A study carried out by marine scientists at NUI Galway found that 73 per cent of deep sea fish had ingested microplastics. The study was undertaken in the Northwest Atlantic Ocean and the results published in the journal Frontiers in Marine Science.
The study consisted of a transatlantic crossing during which scientists took deep sea fish from midwater trawls from a depth of up to 600m. Some of the fish included potted Lanternfish, Glacier Lanternfish, Rakery Beaconlamp, Stout Sawpalate and Scaly Dragonfish. The fish were inspected upon return.
Alina Wieczorek, lead author of the study and PhD candidate from the School of Natural Sciences and Ryan Institute at NUI Galway, said: “Deep water fish migrate to the surface at night to feed on plankton (microscope animals) and this is likely when they are exposed to the microplastics. One of the inspected Spotted Lanternfish, which was 4.5 centimetres in size, had 13 microplastics extracted from its stomach contents. The identified microplastics were mostly fibres, commonly blue and black in colour. Some only measured 50 microns in length. In total, 233 fish were examined with 73% of them having microplastics in their stomachs, making it one of the highest reported frequencies of microplastic occurrence in fish worldwide.”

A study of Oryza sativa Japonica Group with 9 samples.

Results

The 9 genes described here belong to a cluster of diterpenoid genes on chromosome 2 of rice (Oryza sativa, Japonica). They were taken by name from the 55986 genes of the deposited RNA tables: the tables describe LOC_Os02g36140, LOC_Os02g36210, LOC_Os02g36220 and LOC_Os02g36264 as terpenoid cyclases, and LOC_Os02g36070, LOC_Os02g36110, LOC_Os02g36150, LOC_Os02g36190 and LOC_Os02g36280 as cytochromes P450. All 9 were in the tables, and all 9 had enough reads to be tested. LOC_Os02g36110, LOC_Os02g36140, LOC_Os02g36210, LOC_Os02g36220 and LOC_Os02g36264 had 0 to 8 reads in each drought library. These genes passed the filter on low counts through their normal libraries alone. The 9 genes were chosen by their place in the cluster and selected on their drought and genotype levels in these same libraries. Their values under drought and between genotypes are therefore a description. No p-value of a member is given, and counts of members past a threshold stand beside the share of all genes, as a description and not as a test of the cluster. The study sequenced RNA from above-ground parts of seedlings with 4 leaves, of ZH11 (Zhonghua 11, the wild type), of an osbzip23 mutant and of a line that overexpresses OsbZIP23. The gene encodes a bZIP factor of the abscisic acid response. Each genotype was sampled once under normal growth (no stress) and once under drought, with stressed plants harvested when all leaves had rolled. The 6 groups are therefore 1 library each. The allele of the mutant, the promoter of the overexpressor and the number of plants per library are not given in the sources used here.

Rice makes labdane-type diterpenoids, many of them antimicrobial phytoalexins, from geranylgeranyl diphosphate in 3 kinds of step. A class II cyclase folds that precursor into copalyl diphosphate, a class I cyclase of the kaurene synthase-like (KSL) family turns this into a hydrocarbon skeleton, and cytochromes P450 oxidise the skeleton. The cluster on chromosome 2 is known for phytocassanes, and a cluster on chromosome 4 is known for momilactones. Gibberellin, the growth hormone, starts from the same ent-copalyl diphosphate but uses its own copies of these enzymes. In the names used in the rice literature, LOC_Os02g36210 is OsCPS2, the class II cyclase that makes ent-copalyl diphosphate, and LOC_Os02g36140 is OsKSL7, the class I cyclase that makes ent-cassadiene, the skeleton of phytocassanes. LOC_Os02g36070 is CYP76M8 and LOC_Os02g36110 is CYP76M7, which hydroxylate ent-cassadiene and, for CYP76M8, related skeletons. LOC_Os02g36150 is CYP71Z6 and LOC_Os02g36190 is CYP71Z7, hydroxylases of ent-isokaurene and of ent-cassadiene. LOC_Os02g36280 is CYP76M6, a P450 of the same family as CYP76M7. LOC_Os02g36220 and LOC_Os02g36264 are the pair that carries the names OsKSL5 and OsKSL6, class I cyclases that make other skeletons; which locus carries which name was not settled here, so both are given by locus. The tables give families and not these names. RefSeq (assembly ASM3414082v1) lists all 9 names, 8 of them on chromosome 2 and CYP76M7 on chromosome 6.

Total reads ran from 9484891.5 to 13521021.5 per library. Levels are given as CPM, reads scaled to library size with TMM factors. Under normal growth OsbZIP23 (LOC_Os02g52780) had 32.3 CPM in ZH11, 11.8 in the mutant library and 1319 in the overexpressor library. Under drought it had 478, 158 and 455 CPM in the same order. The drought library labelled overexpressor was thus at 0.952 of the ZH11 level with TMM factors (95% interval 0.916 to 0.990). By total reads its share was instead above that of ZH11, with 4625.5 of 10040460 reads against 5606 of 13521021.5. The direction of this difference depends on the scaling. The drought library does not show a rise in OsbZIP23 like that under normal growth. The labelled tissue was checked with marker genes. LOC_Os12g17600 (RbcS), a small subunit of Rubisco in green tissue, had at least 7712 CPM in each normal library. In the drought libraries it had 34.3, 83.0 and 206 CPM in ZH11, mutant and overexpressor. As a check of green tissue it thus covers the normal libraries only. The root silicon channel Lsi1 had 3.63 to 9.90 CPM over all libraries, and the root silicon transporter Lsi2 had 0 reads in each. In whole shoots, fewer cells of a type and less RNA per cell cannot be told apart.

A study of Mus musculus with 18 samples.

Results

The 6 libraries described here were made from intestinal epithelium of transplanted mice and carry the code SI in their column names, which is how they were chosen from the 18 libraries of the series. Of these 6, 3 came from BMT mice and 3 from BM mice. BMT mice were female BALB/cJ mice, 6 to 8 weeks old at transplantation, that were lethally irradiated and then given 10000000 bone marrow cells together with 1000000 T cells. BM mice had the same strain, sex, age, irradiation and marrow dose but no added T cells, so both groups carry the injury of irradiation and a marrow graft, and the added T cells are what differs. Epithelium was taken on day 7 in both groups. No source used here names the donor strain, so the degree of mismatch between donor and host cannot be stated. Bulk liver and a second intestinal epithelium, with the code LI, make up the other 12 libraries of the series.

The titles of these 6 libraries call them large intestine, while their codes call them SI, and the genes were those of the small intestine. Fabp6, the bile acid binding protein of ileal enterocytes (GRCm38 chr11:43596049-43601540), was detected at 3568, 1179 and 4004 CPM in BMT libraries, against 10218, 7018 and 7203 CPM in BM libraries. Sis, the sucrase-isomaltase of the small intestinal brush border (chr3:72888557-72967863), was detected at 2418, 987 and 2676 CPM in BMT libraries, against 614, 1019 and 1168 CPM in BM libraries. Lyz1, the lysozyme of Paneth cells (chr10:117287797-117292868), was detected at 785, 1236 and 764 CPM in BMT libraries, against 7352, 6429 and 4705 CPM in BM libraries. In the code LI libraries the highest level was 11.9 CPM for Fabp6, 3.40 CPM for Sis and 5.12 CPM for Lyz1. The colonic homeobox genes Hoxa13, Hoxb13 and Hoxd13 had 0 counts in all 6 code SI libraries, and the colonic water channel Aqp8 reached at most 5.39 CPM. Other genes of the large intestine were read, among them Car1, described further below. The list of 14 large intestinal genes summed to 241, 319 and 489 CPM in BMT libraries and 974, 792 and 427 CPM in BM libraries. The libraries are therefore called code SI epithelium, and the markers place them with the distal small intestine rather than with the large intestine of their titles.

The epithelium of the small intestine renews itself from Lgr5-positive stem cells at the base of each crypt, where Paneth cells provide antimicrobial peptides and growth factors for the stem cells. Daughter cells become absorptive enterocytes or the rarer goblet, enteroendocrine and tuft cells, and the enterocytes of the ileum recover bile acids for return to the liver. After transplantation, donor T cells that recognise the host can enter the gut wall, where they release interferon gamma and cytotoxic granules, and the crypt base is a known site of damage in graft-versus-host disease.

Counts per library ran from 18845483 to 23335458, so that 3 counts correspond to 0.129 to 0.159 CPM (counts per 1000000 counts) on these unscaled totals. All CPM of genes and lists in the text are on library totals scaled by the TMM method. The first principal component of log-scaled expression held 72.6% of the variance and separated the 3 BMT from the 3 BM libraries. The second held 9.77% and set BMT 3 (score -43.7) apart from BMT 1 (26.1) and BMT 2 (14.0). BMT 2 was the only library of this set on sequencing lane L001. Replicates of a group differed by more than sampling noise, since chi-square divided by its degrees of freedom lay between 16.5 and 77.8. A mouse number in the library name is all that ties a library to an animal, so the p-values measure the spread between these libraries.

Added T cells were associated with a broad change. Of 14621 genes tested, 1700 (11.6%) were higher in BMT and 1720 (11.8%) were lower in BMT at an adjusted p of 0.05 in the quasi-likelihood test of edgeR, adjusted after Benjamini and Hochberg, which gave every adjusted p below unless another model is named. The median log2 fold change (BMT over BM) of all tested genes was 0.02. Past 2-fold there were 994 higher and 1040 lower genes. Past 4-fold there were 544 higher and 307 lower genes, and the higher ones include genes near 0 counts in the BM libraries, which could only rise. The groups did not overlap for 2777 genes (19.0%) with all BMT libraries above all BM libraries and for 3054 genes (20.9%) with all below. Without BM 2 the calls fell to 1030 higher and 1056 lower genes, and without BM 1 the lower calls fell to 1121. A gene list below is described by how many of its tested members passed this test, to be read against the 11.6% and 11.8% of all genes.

Microplastics are the result of larger plastic items breaking down over time or the result of small plastics being washed (such as in clothing) and the effluent then being released into the sea.
While other studies have also arrived at the same conclusion, this study hightlights that even in mid ocean and deep water, the effects of human pollution and plastics is finding its way into the food chain. Animals that eat these fish are likely to also become contaminated and it is only a matter of tracing the food chain until the plastics are ingested by humans.